Continuous performance management is an ongoing approach to employee performance that focuses on regular feedback, goal setting, coaching, and development. Unlike the traditional once-a-year evaluation, this approach emphasizes real-time communication, agile goal-setting, and individualized development plans.
Sounds great in theory, right? I know what you’re thinking. “Our teams try to prioritize one-on-ones and employee development, but there’s never enough time in the day.” Time is a known constraint, but having flexible online platforms that allow you to communicate, manage and track your performance can help.
Prioritize regular check-ins
HR leaders should encourage frequent one-on-one meetings between managers and employees to discuss progress, challenges, and provide feedback. With time being a factor, it’s no surprise the frequency and length of regular check-ins will vary. But there are many ways your team can check-in with each other; in person meetings, surveys, or online forums through your Talent Management System (TMS). Regardless of the medium, regular check-ins should be seen as opportunities to focus on collaborative problem-solving, goal alignment, and career development discussions. 1 in 5 employees is unsatisfied with the frequency of feedback from their direct manager (Steben, 2022).
Encourage real-time feedback
Waiting for quarterly or annual reviews to give feedback is not the most efficient way to help your employees develop or succeed. Instead of waiting for annual evaluations, HR leaders can promote a culture of feedback in which employees receive ongoing, constructive feedback from their peers, subordinates, and managers. (Did you know, nearly 1 in 3 employees reported wanting more peer feedback?) It’s always best to provide positive (and constructive) feedback in person. But keeping a written record of performance feedback will make tracking employee progress and growth easy. Leveraging a tool like a talent management system to keep record of can help develop and retain talented individuals in an organization.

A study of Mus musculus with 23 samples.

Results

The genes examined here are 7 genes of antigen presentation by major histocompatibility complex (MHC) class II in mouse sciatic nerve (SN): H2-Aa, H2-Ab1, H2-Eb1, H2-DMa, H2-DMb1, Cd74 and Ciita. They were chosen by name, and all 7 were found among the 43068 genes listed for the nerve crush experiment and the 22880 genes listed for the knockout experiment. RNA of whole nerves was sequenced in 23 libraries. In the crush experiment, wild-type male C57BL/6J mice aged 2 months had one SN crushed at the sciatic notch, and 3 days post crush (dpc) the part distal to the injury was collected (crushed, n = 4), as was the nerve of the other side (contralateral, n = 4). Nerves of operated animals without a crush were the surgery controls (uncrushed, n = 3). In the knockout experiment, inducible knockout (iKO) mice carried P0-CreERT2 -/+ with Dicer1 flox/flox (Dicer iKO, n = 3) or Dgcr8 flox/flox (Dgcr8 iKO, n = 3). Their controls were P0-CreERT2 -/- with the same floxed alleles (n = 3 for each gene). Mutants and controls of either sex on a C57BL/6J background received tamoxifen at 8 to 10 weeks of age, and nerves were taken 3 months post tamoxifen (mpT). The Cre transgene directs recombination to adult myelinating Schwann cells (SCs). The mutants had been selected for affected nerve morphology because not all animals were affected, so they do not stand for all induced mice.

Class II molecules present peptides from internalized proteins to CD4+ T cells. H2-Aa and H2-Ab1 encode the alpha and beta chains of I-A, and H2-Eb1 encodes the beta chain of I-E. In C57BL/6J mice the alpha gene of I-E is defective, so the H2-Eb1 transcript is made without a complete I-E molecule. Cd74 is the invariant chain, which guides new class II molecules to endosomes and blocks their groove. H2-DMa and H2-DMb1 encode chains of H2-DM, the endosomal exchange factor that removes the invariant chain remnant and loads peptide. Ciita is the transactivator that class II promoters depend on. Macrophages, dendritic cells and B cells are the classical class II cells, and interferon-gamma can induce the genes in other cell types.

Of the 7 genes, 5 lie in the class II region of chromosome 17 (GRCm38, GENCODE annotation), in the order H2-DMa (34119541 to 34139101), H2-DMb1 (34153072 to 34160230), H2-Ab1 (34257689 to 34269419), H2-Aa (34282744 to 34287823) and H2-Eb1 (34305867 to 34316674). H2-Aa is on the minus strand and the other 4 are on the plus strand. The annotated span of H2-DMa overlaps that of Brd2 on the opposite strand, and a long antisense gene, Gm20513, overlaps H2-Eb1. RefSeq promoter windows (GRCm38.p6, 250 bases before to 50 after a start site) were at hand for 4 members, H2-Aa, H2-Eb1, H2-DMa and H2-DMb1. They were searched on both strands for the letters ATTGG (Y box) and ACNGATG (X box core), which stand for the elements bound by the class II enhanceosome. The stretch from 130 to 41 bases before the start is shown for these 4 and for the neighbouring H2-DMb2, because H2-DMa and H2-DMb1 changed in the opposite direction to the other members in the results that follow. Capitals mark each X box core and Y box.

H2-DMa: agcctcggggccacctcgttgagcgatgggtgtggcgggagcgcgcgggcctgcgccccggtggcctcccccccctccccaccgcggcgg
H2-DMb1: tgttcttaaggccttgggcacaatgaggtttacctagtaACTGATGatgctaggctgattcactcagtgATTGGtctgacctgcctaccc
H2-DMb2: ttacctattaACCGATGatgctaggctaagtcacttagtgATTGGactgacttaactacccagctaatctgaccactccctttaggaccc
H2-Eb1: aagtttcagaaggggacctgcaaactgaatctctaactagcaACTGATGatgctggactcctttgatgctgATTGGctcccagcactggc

Require thoughtful goal setting for all employees
Now, most organizations require some HR leaders to facilitate the process of goal setting, especially for managers and above. But how are you tracking all your employees' goals? Whether entry-level, specialized, or director-level – all employees need to feel your organization is investing in their future.
Implementing a goal framework promoting continuous performance management can help keep employees accountable and managers on track. All employees need to have access to view, update or comment on their goal progress at any time. It’s important the goals align with business objectives, but personal goals for employees can be beneficial too. For example, in a customer-facing role, an introverted new hire wants to grow their confidence and be more outspoken. While this is a personal goal, it can positively impact the customer experience and therefore aid the business.
Support skill development
It's important that your organization offers continuous learning and development opportunities through a learning management platform. In addition to required training and certifications, what kind of self-elected professional development training can employees do to better their skill set? Offering a variety of courses, in a variety of mediums, and promoting a culture where managers encourage employees to improve their skills can help employees feel valued.
Continuous performance management and learning can be achieved in the workplace, even if it’s not always physically “in” the workplace. Read our paper, “The new way of learning, for the new way of working” to learn how you and your team can stay engaged.